Worms W.M.D Review
Stinky carpets, farting sheep, and old ladies — not your usual arsenal, but just another day in cartoony turn-based team artillery title Worms W.M.D as Team17 revisit their long-lived franchise.
Firing up Worms W.M.D takes me back to the Good Old Days at my friend’s house, spending hours obliterating each other on his Amiga version of the original Worms. We spent many a day derping around on that game — building girders to hide from homing missiles, blowtorching our way through terrain, and tossing exploding sheep at each other.
Let’s see how the formula holds up twenty years on.
Never played Worms? Gameplay is very simple: two or more teams of worms take turns in moving and attacking each other, assaulting each other with a bonkers array of weaponry in order to eradicate the enemy. In our experience, games usually go something like:
- Player one moves his first worm and gets a decent bazooka shot off at player two’s team
- Player two moves their first worm and fails to do any real damage
- Player one moves their second worm, setting up to do a big combo
- Player two calls in an airstrike and blows up half of player one’s team
- Player one starts inventing interesting new curse words
Worms W.M.D is full of over the top, toon-esque violence and destruction, as if the Acme Corporation from the Roadrunner cartoons had gone into overdrive, building and pushing out the most ludicrous and impractical weapons they could imagine.
Goat on a rope? No problem. Uzi not cool enough? Make it fire lasers instead, as a luzi. Of course, there are the trusty classics as well — if you’d prefer to slide up to an enemy and introduce your baseball bat to their face, sending them flying through the air and probably off to drown in the nearby ocean, that’s fine too.
One of the more unusual new additions to the franchise with Worms W.M.D is crafting — during matches, you’re able to combine parts collected from crate drops or by salvaging unwanted weapons in order to create more powerful, or just more crazy, versions of the existing roster.
If dynamite isn’t good enough for you, you can assemble poisoned dynamite that leaves toxic clouds behind. When you’re frustrated that your exploding sheep can’t get to those hard-to-reach baddies, upgrading it to a super sheep will grant the power of controllable flight. There’s nowhere for them to run now!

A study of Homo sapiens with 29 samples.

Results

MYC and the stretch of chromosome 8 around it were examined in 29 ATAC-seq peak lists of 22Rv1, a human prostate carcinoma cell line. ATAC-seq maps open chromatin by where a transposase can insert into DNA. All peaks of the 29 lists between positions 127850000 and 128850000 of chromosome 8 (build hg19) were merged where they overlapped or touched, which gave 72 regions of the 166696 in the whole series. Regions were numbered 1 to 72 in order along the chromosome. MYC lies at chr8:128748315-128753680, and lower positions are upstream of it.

Another new feature coming to Worms W.M.D is the introduction of vehicles. Helicopters, tanks, and even mechs can be hopped into and piloted, raining devastation down from the (relative) safety of the armored casing. These are often randomly strewn around, and new ones will occasionally be airdropped onto the playing field; you could be setting up a great kill only to have a chopper arrive beside them, powerless to watch them fly away, raining bullets from above.
There are a lot of different ways to play Worms W.M.D, so if you don’t fancy jumping into an online battle or have someone nearby to play with, you can give the single-player content a try. Besides tutorials for most of the weapons and new additions, you’ll find a full campaign, which is full of preset missions where you’ll have to kill the enemies first; each campaign mission has optional objectives, such as killing worms in particular ways or without using specific tools at all.
Many campaign levels also have wanted posters hidden in their buildings, each of which unlocks their respective challenge level, and these are very difficult indeed — this is essentially a puzzle mode for Worms W.M.D in which you have to figure out how to win despite very odd conditions, such as having no weapon at all. These are very challenging to beat, and can also give you ideas about creating novel techniques and tactics within standard multiplayer battles.
Worms W.M.D also has all of the usual team customisation that we’ve come to expect from the series — choose which hats your worms wear, their voice pack, and even their winning theme song and dances — and adds tons more as unlocks as you play matches and level up. Want to have a team of old grannies doing the gangnam style dance? You got it.
Worms W.M.D is very much classic Worms brought into the modern age, complete with the usual dry humor and witticisms (though as a Brit myself, I don’t know how well some of it translates to non-Brits). If you didn’t like the original, you won’t be swayed by this one, but fans of the classic games will enjoy how well the vehicles and crafting features combine with all of the established weapons and features.